Happy National Massage Therapy Awareness Week!

Yes, it’s a bit of a mouthful but Happy National Massage Therapy Awareness Week! This is the one week of the year where I have the opportunity to let know you more about the profession that I love and benefits you so much! Take a moment to explore the Resources & Research page.

Also be sure to look at this Consumer Survey done by the American Massage Therapy Association! Below is a summary of the information they collected. You can view all of the information here:

  • 75 percent claim their primary reason for receiving a massage in the past 12 months was medical (43 percent) and stress (32 percent) related
  • 50 percent who have ever had a massage, received it for medical reasons including soreness, stiffness or spasms; to relieve or manage stress; for prevention or to improve quality of life; injury recovery; to keep fit or healthy/wellness and to control headaches or migraines
  • 50 percent said their doctor has either strongly recommended or encouraged them to get a massage
  • 89 percent believe massage can be effective in reducing pain
  • 87 percent recognize massage can be beneficial to health and wellness
  • 44 percent say medical benefits would motivate them to have a massage

Choosing the Best Type of Massage for You!

As you may or may not know, the world of massage is constantly growing and gaining new methods of practice. In the world of massage therapy we call these methods “modalities”. A single therapist can practice multiple modalities and use different techniques from each one during a single session. With all the technical words and jargon floating around, some of it gets misinterpreted (i.e. deep tissue massage does not necessarily mean hard pressure). So, how do you know which type of massage is best for you?

Below we will discuss just a few of the more common modalities of massage therapy. If you are interested in more specific modalities please feel free to comment on this post and I will send you links of how to learn more.


When people think of massage this is usually the type of massage they think of. This includes long, sweeping strokes as well as varying pressure and “kneading” motions. Because of the nature of the strokes, this type of massage encourages good circulation of blood and lymph. This type of massage can be very healing and relaxing. What most people consider deep tissue massage is Swedish techniques used with a much firmer pressure.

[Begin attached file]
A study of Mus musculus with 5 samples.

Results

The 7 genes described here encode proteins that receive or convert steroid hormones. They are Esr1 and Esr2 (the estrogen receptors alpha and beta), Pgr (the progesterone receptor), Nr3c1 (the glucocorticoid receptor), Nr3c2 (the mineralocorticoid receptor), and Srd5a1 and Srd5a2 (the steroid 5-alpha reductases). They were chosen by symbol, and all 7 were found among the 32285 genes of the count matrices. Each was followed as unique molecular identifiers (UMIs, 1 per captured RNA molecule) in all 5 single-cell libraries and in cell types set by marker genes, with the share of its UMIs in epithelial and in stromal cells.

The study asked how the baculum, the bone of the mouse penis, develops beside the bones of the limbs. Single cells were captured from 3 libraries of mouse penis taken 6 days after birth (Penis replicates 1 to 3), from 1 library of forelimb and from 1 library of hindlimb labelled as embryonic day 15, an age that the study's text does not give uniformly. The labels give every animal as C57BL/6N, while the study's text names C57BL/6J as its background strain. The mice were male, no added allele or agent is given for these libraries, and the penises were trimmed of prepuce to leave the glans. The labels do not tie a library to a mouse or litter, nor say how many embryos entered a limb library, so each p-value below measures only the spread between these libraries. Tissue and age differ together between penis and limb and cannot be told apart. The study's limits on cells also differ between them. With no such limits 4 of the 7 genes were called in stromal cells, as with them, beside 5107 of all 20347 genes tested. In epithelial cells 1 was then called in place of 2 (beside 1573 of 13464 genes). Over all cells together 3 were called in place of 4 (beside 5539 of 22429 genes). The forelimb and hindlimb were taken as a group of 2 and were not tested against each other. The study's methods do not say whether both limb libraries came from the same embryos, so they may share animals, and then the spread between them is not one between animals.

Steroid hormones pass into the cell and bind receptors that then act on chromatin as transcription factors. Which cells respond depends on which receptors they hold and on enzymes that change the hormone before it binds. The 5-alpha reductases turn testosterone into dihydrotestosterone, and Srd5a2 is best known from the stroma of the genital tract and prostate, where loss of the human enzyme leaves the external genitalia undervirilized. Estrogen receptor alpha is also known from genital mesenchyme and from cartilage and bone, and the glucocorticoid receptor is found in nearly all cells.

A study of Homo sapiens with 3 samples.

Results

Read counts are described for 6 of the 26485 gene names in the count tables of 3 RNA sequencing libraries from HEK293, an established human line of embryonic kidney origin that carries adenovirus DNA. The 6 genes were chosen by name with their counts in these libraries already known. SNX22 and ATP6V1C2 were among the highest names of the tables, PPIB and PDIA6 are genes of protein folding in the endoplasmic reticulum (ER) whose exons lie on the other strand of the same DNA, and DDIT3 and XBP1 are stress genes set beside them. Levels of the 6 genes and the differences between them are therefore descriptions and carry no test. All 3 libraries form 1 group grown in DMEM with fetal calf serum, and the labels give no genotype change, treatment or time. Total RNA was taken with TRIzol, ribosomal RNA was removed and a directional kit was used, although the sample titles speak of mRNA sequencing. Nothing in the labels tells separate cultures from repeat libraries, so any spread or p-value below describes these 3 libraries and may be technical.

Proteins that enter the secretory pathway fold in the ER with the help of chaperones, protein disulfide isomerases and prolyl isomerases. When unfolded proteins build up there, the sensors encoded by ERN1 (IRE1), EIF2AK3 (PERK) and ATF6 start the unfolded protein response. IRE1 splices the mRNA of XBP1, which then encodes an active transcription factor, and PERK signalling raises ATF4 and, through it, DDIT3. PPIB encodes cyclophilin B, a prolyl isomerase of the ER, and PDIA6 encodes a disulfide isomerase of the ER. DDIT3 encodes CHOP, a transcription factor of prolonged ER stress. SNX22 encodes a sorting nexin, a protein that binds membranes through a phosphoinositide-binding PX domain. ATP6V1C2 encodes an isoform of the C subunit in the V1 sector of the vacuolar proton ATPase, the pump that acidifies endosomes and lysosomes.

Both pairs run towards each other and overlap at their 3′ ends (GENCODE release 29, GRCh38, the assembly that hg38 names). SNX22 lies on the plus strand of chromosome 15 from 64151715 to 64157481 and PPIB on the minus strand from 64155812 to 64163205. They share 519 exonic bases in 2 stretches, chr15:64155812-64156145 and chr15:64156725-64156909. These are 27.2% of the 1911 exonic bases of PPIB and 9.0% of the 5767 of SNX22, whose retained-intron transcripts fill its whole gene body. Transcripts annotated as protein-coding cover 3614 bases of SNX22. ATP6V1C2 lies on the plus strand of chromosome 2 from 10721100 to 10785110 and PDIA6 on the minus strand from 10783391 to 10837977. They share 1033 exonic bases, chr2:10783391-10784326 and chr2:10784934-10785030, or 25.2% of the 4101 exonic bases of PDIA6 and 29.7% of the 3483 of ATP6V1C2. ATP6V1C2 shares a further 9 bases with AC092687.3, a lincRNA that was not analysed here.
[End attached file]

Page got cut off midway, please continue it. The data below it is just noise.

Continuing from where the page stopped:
Deep Tissue

This type of massage does not necessarily mean there is a great deal of pressure applied. Deep tissue describes how your therapist works with soft tissues. In this case, the therapist will be working deep within the muscle belly; working through fibers to create increased range of motion (flexibility) and decrease muscle spasms.

Deep Tissue Friction

This modality is particularly beneficial for those who have had recent injuries or surgeries. Once an incision or acute inflammation has healed, deep tissue friction may be applied. The objective of DTF is to create a more functional scar by breaking up scar tissue and helping the collagen fibers form in a more organized fashion. By doing this a person can gain greater ease of movement, less visible scars, and increased circulation, which is vital for an area to regain good functionality.

Pregnancy Massage

Many women find relief from aches, pains and low back issues with massage during pregnancy. The body goes through many physical and emotional changes during pregnancy and massage can be an immense comfort during the transition into motherhood. Typically, massage is not performed until the 2nd trimester. And, if you have any complicating factors (i.e. diabetes, pre-eclampsia, positive Homan’s sign, etc.) a note is usually required from your OB stating that you are safe to receive massage therapy. This type of massage is able to be modified in many ways to allow for the comfort of mother and baby.

Thai Massage

Typically, the client and therapist are both clothed in loose clothing and working on mats on the floor. Thai techniques can also be incorporated into table massage as well though. Thai massage can also be known as a type of assisted yoga with focus on deep stretching and breathing to encourage the flow of “prana” or life energy. Thai massage can be both relaxing and invigorating!


Reflexology is based upon the theory that there are reflexes in the ends of energy channels in the body (i.e. the hands and feet. And sometimes the ears) that have reflexes which correspond to organs within the body. By applying pressure and stimulating these organs reflexology creates balance.

Neuromuscular Therapy (NMT) or Trigger Point Therapy

Trigger points are spots within a tight muscle that are tender when pressed and can cause pain in other regions than the area being directly pressed (therapists called this referred pain). There are different types of trigger points that have many different causes (physical, emotional and chemical factors). Neuromuscular techniques can be both gentle and aggressive in treating trigger points, but all encourage the muscle to relax and bring blood back to an area where it was restricted before.